Dr William Cassarly, senior scientist of illumination engineering in the Optical Solutions Group at Synopsys, a company specialising in software and IP for semiconductor design, verification and manufacturing, has been promoted to Fellow by the Society of Photographic Instrumentation Engineers (SPIE).
Each year SPIE recognises distinguished individuals in the field of optics and optoelectronics through its Fellows programme. The promotion recognises Dr Cassarly's technical achievements in illumination system optimisation as well as his contributions to optics education.
Photonics West in San Francisco acknowledged 67 new Fellows who, according to SPIE, 'are honoured for their technical achievements, and for their service to the general optics community and to SPIE in particular.'
'Bill Cassarly has been a key contributor to the advancement of computer-aided illumination engineering, particularly in the development of practical and effective optimisation capabilities for illumination systems,' said George Bayz, vice president and general manager of the Optical Solutions Group at Synopsys. 'In addition, he has helped foster the next generation of illumination engineers by developing and teaching introductory and advanced design courses at SPIE meetings since 1999. We congratulate Bill on his achievements.'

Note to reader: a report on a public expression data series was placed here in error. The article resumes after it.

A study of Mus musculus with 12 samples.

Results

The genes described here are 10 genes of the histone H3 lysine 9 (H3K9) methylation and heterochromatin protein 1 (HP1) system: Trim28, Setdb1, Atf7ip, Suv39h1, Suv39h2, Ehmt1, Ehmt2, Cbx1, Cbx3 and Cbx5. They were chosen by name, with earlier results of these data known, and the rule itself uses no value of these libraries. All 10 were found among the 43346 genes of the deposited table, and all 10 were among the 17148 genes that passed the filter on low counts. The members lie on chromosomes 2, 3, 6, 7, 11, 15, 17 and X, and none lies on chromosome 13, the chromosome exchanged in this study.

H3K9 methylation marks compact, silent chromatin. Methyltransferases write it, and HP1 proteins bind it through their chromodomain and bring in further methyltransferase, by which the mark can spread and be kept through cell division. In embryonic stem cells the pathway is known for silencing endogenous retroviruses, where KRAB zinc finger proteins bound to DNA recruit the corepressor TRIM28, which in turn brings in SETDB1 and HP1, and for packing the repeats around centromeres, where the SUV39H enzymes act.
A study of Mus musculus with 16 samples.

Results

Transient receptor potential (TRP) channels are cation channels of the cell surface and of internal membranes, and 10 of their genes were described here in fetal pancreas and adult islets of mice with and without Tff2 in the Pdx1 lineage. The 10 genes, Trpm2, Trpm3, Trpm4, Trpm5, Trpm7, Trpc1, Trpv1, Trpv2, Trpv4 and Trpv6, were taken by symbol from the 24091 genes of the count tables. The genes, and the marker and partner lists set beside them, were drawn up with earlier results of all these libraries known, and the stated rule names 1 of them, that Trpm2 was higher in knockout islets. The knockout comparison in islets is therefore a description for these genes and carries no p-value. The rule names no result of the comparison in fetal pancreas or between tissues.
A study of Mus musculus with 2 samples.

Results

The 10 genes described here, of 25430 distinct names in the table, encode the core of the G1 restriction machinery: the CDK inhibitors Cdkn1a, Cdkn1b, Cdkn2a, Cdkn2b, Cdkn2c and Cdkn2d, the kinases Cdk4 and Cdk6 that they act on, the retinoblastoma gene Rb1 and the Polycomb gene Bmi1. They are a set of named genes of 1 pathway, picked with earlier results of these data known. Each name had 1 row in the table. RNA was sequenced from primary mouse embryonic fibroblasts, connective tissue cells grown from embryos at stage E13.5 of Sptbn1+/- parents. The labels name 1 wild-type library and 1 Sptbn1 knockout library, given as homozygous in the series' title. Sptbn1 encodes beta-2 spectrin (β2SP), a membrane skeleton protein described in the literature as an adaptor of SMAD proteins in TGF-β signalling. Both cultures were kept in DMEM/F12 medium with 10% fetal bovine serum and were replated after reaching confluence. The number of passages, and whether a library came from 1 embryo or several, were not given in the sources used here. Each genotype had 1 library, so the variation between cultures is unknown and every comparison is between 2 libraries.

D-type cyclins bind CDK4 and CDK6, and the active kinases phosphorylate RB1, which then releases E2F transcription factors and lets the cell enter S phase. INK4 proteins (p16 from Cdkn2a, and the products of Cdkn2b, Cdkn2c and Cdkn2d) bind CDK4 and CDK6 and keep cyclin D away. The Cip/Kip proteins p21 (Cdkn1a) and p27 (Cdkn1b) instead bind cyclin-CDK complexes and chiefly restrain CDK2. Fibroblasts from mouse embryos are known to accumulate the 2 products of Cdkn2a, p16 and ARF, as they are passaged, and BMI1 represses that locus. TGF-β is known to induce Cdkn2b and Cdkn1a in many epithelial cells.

Throughout his career, Dr Cassarly has worked extensively in the areas of illumination modelling, design and optimisation. He has contributed to major feature developments in LightTools illumination design software and to illumination engineering consulting projects for a range of applications. Systems he has designed include fibre optic headlights, compound parabolic concentrators, theater projection illuminators, room lighting, LED optics and UV systems.
In addition to presenting illumination courses, Dr Cassarly has authored numerous papers for SPIE meetings, served on programme committees for non-imaging conferences at SPIE's Photonics West and Optics and Photonics meetings, and co-authored a chapter on illumination engineering in the Optical Society of America's Handbook of Optics.